Trump and H-1B Visas: What’s to Come?

Almost 20 years ago, I remember reading a column from Electronic Design’s then editor-in-chief talking about the controversy surrounding H-1B visas and their potential impact on EEs in the United States. As the saying goes, “The more things change, the more they stay the same,” as I now sit writing this column for you.

Since the late 1990s, the controversy surrounding H-1B has at times gone quiet, but never completely died. In the engineering world, the fact is that importing talent has allowed many companies to stay competitive by hiring highly skilled and specialized engineers who were not available in the United States or not in the needed numbers. The other side of the argument points to a chicken-and-egg scenario: By not hiring U.S. engineers because they lacked certain skills or knowledge, we failed to pressure our schools and universities to “raise the bar,” so to speak, thus creating a door that had to be continuously propped open. We’re now in a moment in history where our current president has made unemployed workers a core focus, which has put H-1B again under fire.

To be clear, there are many fine websites and publications covering the political realm of this nation and others—and many not so fine. But our job is to cover the technology, trends, and developments in electronics engineering from our own independent—but technology- and engineering-focused—standpoint. In particular, my goal with this column is to provide an overview of what the president’s intentions and plans seem to be with H-1B Visas and what impact they may have.

For anyone who doesn’t know, an H-1B is a three-year visa that specifically targets workers in science, engineering, and information technology (IT). It requires the hiring company to have a need for specialized expertise and knowledge, which ideally should limit them from hiring an outside resource just to pay a lower wage. Yet it can be hard to prove that, as noted in an article from Business Insider: “Companies are required under federal regulations to declare that the H-1B workers they employ are not displacing American workers, but a loophole exempts them from that rule if the guest workers they employ are paid at least $60,000 per year. Since American tech workers usually earn higher salaries than $60,000, companies are able to hire foreign workers at lower salaries than American ones, and need not prove they are not undercutting American labor.”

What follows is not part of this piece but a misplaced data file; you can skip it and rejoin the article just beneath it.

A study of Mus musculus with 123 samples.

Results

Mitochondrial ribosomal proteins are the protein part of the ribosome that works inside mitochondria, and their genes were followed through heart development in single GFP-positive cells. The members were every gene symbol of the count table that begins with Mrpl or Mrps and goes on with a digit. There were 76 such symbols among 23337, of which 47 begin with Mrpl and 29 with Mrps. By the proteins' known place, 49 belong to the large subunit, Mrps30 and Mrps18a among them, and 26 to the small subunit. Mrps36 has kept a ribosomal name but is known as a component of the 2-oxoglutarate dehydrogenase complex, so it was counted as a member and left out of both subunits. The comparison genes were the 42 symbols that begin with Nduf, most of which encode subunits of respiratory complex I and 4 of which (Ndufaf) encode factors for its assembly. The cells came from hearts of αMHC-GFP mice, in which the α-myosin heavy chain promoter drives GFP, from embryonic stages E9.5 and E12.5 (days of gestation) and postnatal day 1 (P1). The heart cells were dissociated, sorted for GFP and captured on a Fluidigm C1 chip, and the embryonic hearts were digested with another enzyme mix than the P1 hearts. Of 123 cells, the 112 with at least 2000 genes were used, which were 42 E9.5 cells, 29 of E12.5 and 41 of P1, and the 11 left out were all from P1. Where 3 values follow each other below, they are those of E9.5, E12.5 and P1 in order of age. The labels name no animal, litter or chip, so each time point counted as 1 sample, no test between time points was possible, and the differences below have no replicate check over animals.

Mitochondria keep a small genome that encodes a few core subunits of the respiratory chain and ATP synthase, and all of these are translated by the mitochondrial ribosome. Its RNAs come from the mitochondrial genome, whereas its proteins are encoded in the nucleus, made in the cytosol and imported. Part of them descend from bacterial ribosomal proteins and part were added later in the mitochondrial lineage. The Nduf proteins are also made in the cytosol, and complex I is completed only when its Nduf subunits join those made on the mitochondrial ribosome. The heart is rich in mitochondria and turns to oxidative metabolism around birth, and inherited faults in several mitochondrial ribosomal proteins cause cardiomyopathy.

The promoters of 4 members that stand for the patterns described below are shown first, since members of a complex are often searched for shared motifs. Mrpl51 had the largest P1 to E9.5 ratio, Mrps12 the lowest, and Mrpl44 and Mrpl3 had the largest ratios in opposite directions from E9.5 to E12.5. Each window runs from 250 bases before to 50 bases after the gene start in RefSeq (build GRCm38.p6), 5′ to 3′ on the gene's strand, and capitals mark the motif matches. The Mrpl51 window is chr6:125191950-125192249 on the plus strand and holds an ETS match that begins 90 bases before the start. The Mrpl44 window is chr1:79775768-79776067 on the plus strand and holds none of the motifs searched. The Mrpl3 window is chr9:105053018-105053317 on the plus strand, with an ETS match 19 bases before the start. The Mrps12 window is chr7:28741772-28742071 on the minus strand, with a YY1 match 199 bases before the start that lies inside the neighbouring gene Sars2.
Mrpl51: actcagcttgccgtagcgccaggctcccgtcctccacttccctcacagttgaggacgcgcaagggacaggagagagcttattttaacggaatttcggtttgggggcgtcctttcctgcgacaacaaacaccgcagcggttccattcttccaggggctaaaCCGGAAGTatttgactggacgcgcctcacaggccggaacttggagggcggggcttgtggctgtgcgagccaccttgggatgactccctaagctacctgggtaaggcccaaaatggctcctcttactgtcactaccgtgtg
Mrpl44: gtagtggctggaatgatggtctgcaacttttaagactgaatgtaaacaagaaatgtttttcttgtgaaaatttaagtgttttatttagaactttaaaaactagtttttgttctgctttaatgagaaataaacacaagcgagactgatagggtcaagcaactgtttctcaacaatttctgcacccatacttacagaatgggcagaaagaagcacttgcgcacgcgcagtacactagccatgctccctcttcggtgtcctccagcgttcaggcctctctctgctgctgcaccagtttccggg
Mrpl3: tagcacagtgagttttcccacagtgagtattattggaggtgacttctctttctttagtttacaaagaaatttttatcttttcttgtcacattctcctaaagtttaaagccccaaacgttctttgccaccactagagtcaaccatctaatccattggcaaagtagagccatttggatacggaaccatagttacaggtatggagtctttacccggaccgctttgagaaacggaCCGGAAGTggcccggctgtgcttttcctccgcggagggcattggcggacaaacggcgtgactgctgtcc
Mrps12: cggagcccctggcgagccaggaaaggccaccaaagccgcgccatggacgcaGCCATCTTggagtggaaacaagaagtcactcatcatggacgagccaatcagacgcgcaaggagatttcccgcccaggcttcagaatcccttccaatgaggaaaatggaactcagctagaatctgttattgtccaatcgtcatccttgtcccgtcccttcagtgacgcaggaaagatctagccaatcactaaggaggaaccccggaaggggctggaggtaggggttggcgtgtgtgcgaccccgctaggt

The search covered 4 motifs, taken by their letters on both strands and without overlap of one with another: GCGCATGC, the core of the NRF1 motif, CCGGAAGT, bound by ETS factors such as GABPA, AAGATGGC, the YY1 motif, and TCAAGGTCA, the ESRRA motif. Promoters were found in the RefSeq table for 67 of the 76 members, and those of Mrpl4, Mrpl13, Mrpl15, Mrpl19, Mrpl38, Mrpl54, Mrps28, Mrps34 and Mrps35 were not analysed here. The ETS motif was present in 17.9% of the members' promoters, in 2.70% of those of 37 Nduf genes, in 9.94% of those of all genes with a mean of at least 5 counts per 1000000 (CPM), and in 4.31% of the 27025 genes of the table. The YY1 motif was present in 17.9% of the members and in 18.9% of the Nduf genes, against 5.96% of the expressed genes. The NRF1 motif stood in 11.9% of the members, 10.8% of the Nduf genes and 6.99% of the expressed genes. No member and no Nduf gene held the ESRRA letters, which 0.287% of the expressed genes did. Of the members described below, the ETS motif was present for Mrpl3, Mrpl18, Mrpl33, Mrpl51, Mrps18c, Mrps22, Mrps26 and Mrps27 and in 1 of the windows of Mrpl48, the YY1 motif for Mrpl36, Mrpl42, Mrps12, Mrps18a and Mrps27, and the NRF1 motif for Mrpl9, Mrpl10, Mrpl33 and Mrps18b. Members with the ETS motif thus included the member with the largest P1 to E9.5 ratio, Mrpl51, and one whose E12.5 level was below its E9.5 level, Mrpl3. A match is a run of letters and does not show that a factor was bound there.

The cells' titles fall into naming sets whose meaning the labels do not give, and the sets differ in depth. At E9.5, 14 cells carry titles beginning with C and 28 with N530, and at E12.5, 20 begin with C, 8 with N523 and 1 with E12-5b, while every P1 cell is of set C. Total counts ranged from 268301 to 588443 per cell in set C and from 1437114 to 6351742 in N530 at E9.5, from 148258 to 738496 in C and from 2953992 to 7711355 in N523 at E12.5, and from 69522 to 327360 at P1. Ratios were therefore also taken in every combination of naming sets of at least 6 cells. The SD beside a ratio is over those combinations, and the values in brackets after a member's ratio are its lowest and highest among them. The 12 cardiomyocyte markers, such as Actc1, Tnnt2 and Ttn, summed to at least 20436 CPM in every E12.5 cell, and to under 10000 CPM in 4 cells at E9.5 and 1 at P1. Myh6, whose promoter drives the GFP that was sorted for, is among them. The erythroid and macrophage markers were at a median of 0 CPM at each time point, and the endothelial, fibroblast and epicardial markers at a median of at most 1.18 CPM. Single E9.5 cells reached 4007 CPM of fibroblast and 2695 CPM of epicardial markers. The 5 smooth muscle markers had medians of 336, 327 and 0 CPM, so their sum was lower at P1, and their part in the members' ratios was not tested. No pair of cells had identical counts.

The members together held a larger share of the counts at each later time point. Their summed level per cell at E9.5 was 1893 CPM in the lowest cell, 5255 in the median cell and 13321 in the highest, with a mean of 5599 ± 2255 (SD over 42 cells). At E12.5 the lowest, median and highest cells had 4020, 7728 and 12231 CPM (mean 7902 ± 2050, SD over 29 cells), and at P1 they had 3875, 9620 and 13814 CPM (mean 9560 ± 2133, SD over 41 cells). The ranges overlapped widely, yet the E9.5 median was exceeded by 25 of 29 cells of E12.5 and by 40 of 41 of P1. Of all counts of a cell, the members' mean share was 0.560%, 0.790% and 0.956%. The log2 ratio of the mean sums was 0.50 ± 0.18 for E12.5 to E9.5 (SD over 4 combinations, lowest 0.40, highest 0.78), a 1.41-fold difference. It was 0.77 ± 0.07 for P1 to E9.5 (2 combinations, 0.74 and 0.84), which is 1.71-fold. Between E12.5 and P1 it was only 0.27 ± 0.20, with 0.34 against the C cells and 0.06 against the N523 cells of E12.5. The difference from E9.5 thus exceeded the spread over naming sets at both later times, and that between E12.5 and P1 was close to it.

Issues like that loophole will not be resolved any time soon, as the presidential order is only calling for fact-finding at this stage. “In order to promote the proper functioning of the H-1B visa program, the Secretary of State, the Attorney General, the Secretary of Labor, and the Secretary of Homeland Security shall, as soon as practicable, suggest reforms to help ensure that H-1B visas are awarded to the most-skilled or highest-paid petition beneficiaries,” states the “Presidential Executive Order on Buy American and Hire American.”

Looking at the scope of the project, the vast number of visas that are awarded, and the different industries involved, this process will certainly be lengthy and complicated. As a result, it should have no near-term impact on Silicon Valley and high-tech companies in other parts of the country, which largely rely on outsourced engineering and technology expertise. The key is to revamp the program with enough oversight to end abuse of the salary loophole while spurring innovation and the employment of tech workers in America. Our ability to innovate must be safeguarded—but not at the expense of our workers.

Feel free to send comments to nancy.friedrich@penton.com.